While smartphone users continue to be obsessed with snapping photos of everything around them/every angle of their person, developers will continue to come up with new ways to share those photos. And so the photo-sharing apps keep on coming.
A new app called Dudr, created by a German startup, launched last week on iOS with the idea of mimicking the effect of giving a group of friends a bunch of disposable cameras to snap photos at the same event.
Dudr’s gamification element is amped up by a requirement that these conjoined digital photo shoots are time-limited to 24 hours and that participants can only take 24 shots apiece.
The team behind the app previously created another photo-focused service, called picjerry, which is a photo agency for smartphone users to try to sell the photos they take on their phones. Dudr is being funded by that other business, but is a spin-off — and potentially a startup in its own right — if the concept takes off, says CEO Bernd Schmekel.
The team has patented a location-based trigger system to simplify setting up a time-limited group photo shoot on Dudr. It works by users simultaneously pressing and holding a button in the app when they are in the same location (the app uses GPS for this).
Once all participants have appeared on screen, the button can be released and the shared photo channel is created. Dudr then starts tracking the time remaining till the end of a photo session, counting down till the 24 hours are up. After the time’s up everyone in the photo shoot gets a link to view all the shots — their own and everyone else’s.
If a group of friends wants to add people who are not in their immediate vicinity to a Dudr, this can be done in a more typical way — by sending an invite link to a specific Dudr via SMS, email, social media, etc.
At this bootstrapped stage, it’s safe to say Dudr is skeletal in terms of features and pretty rough round the edges, design wise. (It was apparently hacked together by the team in just 24 hours.) But if the core concept resonates, they could be onto something sticky.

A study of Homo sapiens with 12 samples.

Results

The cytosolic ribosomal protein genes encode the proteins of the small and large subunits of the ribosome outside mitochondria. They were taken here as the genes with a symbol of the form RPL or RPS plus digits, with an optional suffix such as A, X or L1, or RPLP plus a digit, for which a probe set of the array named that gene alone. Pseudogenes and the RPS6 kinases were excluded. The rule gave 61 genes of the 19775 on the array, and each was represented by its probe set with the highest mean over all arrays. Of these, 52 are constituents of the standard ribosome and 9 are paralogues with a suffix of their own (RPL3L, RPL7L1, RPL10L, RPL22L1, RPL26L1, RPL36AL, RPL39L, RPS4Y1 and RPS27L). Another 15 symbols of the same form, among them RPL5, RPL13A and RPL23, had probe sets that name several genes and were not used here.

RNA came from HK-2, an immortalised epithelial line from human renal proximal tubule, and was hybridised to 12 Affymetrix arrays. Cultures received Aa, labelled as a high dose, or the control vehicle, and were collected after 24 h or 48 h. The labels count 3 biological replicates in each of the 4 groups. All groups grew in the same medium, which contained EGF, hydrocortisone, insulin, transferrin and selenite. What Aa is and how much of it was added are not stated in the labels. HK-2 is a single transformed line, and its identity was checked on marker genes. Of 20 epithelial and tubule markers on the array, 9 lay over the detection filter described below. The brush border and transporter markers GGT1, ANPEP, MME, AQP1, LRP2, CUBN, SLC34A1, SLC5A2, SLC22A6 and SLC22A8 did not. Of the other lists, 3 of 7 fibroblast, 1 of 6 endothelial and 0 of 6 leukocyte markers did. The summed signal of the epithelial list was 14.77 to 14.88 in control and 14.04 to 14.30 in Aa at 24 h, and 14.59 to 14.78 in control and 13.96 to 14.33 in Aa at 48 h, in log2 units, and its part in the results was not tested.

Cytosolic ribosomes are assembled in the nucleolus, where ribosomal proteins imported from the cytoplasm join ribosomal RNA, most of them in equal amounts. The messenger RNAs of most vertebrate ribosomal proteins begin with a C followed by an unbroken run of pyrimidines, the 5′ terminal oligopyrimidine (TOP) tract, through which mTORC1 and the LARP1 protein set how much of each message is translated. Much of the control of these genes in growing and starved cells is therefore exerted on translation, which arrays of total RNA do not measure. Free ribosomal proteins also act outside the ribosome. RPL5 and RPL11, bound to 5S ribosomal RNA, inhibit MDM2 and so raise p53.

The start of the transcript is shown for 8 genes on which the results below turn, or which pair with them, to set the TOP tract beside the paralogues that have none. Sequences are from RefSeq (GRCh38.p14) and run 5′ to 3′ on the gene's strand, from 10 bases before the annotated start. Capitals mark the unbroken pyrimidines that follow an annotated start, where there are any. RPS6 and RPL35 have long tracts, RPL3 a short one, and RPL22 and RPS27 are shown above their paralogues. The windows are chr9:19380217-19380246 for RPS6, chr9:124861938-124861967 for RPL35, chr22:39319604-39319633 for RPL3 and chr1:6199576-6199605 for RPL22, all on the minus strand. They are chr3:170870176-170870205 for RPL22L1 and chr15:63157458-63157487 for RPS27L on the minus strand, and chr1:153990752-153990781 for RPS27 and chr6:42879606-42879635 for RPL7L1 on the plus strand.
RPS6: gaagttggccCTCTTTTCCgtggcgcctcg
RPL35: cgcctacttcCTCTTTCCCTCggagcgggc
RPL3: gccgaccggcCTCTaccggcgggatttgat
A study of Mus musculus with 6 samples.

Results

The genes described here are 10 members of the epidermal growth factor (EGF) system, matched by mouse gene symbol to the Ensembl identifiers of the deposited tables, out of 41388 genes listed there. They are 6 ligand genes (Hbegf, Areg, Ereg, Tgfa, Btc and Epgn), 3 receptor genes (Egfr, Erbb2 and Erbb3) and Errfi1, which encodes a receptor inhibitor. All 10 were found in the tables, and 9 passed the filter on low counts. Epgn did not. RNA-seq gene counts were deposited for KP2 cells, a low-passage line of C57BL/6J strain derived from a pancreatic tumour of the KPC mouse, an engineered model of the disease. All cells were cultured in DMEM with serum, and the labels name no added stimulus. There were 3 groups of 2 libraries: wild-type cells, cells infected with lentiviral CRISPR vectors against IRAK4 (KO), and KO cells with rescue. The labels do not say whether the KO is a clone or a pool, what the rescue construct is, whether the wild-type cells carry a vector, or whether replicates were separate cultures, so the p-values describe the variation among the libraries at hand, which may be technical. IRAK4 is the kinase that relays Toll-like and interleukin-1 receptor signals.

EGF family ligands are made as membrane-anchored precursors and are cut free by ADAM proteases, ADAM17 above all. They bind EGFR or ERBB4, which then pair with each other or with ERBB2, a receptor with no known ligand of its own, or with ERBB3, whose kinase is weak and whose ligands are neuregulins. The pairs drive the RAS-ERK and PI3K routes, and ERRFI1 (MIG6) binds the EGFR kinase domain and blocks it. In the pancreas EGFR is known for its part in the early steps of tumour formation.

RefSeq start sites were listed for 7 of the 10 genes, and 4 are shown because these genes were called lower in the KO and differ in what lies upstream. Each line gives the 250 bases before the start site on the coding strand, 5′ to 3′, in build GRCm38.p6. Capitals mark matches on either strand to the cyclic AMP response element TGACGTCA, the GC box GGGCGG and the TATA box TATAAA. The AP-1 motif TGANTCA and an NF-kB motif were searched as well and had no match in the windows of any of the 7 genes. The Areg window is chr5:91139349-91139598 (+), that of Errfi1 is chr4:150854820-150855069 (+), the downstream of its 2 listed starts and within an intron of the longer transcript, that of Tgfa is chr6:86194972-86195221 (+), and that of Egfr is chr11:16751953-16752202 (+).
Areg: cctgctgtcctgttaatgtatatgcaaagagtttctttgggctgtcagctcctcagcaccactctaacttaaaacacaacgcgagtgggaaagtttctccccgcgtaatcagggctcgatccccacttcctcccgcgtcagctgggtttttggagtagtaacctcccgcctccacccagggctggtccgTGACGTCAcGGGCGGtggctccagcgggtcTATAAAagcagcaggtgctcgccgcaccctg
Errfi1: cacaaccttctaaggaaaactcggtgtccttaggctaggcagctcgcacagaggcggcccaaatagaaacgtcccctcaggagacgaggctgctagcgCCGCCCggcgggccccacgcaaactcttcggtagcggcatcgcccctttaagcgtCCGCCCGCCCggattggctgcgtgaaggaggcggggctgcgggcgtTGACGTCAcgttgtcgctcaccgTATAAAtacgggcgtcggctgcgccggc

Last month another group-sharing app, called Stichy, launched — also looking to make it easier for groups to quasi-privately share media around events they all attended. Bottom line: not everyone wants to post everything on Facebook/Instagram et al. all the time. And partial sharing to specific groups of people on Facebook still sucks.
The idea for Dudr came to Schmekel after his best friend returned from a holiday to the World Cup in Brazil last year.
“He stayed there with his 3 DUDES in an apartment near Ipanema-Beach. They bought 10 quicksnaps (disposable cameras) — one for every day with 24 shots. After their vacation nobody could remember what actually happened. A week after, I was invited to their photo-show evening! All the DUDES were so excited, there were pictures… OMG…..!” is how Schmekel explains the Dudr origin story, via email.
“I saw the potential for an app that provided a way to \”time-delay\” the viewing of photos from an event or place, and together with my coding team developed the DUDR app — 24 SHOTS in 24 HOURS!” he adds.
Despite the dude-ish name and ‘bro-focused’ feel of the app right now, Schmekel says he sees potential for it to appeal outside lads’ holidays/outings — for other types of events such as gigs and weddings. So Dudr is not just intended for bros, even if it sounds like it might be.
The app is free to download. Future monetization ideas might include getting brands to pay to start world channels. “Like Budweiser starts a world channel and is looking for the best beer drinker — or Nike looks for your sports activity!” says Schmekel.
There may also be potential for premium in-app services for users, if they — for instance — want to find others to add on the app outside their own friend circle, he adds.
It’s worth noting that photos taken with Dudr are not ephemeral. On the contrary they are permanently stored on the company’s servers. “In the future we give the users the possibility to get a download link — especially for weddings this is useful,” adds Schmekel.
Indeed, the current v1 of the app does not even allow dudes to delete any of the photos they take, although Schmekel says that feature might well be added in future.
In the meanwhile, dudes, be careful what you Dudr.